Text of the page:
By Terrence McCoy
By Scott Fishman
By Deirdra Funcheon
By Allie Conti
By New Times Staff
By Ryan Pfeffer
By Deirdra Funcheon
By Kyle Swenson
Later that year, the department investigated Perry for barging into an ex-girlfriend's house at 2 in the morning. The investigation concluded that "the lack of discretion Officer Perry displayed brought discredit to himself and this agency."
Police Chief James Cameron cajoled the city's Board of Police Commissioners to fire Perry, writing that Perry "continues to make decisions involving both his on- and off-duty conduct that continually bring this department and the town of Madison into disrepute." And the costs of investigating this one officer was mushrooming, he added.
Cameron lost that battle, but in 1997, he pleaded with the board once again to fire Perry over two incidents involving poor conduct with the public. With the noose slowly tightening around his neck, Perry resigned from the Madison force late that year.
Like a badge-toting Eveready bunny, Perry kept going. After a brief stint as a patrolman in the City of New Fairfield, he began working as a field investigator for an insurance company and as a part-time patrolman for the Town of Washington, a tiny burg of 4,000 people in the state's rural northwest.
By the fall of 2000, however, the head constable had placed Perry on temporary leave for allegedly harassing another former live-in girlfriend. The alleged harassment victim also claimed that Perry had sneaked into her home to take some jewelry. In a memo to the town's top elected official, Alan Chapin, who was the de facto police chief, the department's head constable wrote that Perry "demonstrates a lack of maturity on his part that presents questions as to whether or not he can be trusted to carry out the functions of a police officer." He anticipated meeting with an assistant state attorney to discuss possible criminal charges. Three weeks later, on August 30, 2000, Chapin formally asked Perry for his resignation. He fired Perry two weeks later after getting no response.
Far to the south, Perry was applying for a job with BSO.
Perry's law enforcement transgressions in Connecticut should have made him unemployable as a cop. After all, what better to judge a job candidate by than his track record?
BSO has a lengthy application process that involves medical and psychological examinations, drug screening, and a background investigation that includes employment, personal, and neighborhood references. For the past eight years, many of those background investigations have been contracted out to Five Star Investigations, owned by Richard Barrett, a former BSO deputy captain who retired in 1997. Under Barrett's original contract, BSO paid him $60 per applicant and $8.50 per employment verification he made. In August 2000, those terms were changed to $100 per applicant, which would include two employer verifications, and $10.75 for each additional verification.
BSO's system of backgrounding candidates for sworn officer positions, however, isn't rigorous enough to weed out cops like Perry who are not fully truthful on their applications. In the case of applicants who aren't local, virtually all verifications are done over the phone; forms are not sent to previous employers requesting an evaluation or copies of records. In Perry's case, neither Barrett nor anyone else in the agency's human resources division ever requested personnel documents from the Connecticut police departments not even a summary of closed internal affairs investigations.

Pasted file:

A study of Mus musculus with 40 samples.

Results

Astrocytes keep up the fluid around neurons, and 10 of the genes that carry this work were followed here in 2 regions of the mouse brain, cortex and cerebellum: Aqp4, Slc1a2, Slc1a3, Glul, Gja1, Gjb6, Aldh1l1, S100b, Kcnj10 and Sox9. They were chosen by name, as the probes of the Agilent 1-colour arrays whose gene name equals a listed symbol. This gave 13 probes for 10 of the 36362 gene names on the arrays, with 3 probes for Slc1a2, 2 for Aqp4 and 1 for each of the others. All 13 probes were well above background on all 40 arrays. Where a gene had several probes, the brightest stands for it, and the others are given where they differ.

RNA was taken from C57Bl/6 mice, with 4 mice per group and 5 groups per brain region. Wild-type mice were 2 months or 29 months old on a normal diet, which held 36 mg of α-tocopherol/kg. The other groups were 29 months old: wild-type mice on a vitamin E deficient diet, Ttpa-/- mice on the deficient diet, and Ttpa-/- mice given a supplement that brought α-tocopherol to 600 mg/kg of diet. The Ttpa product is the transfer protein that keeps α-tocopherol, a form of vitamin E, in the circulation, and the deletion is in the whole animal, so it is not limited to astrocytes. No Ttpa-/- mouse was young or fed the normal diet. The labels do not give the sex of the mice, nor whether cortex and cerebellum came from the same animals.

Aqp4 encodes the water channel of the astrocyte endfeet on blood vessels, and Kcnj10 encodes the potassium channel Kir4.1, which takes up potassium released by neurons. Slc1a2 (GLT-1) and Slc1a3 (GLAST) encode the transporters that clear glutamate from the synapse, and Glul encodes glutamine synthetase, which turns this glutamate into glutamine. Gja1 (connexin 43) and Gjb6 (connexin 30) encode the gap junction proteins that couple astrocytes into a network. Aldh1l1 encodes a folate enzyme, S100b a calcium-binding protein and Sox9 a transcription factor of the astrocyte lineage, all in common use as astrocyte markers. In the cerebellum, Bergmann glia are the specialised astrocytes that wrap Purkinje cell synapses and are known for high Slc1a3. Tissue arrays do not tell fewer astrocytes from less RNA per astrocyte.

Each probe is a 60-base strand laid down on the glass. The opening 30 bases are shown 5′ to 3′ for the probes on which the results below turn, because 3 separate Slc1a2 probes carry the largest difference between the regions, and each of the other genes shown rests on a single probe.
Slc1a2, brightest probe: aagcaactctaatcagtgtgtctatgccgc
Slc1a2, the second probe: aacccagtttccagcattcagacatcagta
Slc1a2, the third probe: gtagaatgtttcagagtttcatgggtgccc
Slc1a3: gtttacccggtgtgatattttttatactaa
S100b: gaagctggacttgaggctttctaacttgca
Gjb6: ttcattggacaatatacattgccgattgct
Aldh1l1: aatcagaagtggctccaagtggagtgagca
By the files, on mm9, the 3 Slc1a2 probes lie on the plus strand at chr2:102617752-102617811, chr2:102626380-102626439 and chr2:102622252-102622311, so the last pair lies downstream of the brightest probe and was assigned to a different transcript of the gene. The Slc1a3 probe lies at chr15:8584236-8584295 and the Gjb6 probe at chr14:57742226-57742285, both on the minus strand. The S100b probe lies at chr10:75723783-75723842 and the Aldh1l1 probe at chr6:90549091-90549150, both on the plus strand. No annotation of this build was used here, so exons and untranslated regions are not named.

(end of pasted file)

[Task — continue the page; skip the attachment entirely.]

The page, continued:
Worse yet, in Perry's case, Barrett didn't even conduct a complete phone background check with the Madison PD, where Perry had spent most of his police career. Barrett was told that only the police chief, who was on vacation that week, could answer questions about Perry's performance. Barrett didn't bother to call back, nor did he mention this information gap in his summary report.
And Perry's case is not an isolated one.
In August 1998, Barrett completed a background summary report for Michael Doane, a strong-chinned 24-year-old with dark hair who lived in the Tampa area. Doane had worked for the Polk County Sheriff's Office for two and a half years and left in mid-1997. On his application for a job at BSO, he gave his reason for leaving the deputy's job as "injury and political."
Despite this tantalizing disclosure, Barrett and BSO's human resources didn't seriously dig into Doane's past, and he was hired in late 1998.
In reality, Doane had been repeatedly disciplined during his short tenure with the Polk County Sheriff's Office and ultimately fired. His disciplinary records were readily available from that agency but were never requested. Many of the incidents revealed a young man with a lack of good judgment, but others were serious, a foreshadowing of what was to come in Broward County.
Among the Polk County incidents, Doane was reprimanded for "careless actions" in driving his squad car to the scene of a burglary, an incident that left another deputy injured. On another occasion, he kicked in the door of a home without proper cause.
By July 1997, the agency decided to terminate him for excessive use of force, a case in which he punched a handcuffed suspect four times in the back of the head. The memo informing Doane he was fired noted that he showed "a disregard for authority." Doane refused to sign the memo and submitted his resignation instead.
If BSO had difficulty in discovering what "political" problems caused Doane to leave the Polk County Sheriff's Office, Gary Kollin had no problem at all. A Plantation attorney with a striking resemblance to a young Burl Ives, Kollin looked into BSO's hiring practices a few years ago as part of a lawsuit he filed on behalf of a Jamaican-American man who alleged that Doane had falsely arrested him in a Broward County park. Kollin noticed Doane's 14-month hiatus from law enforcement after leaving Polk County and, suspicions raised, simply requested documents.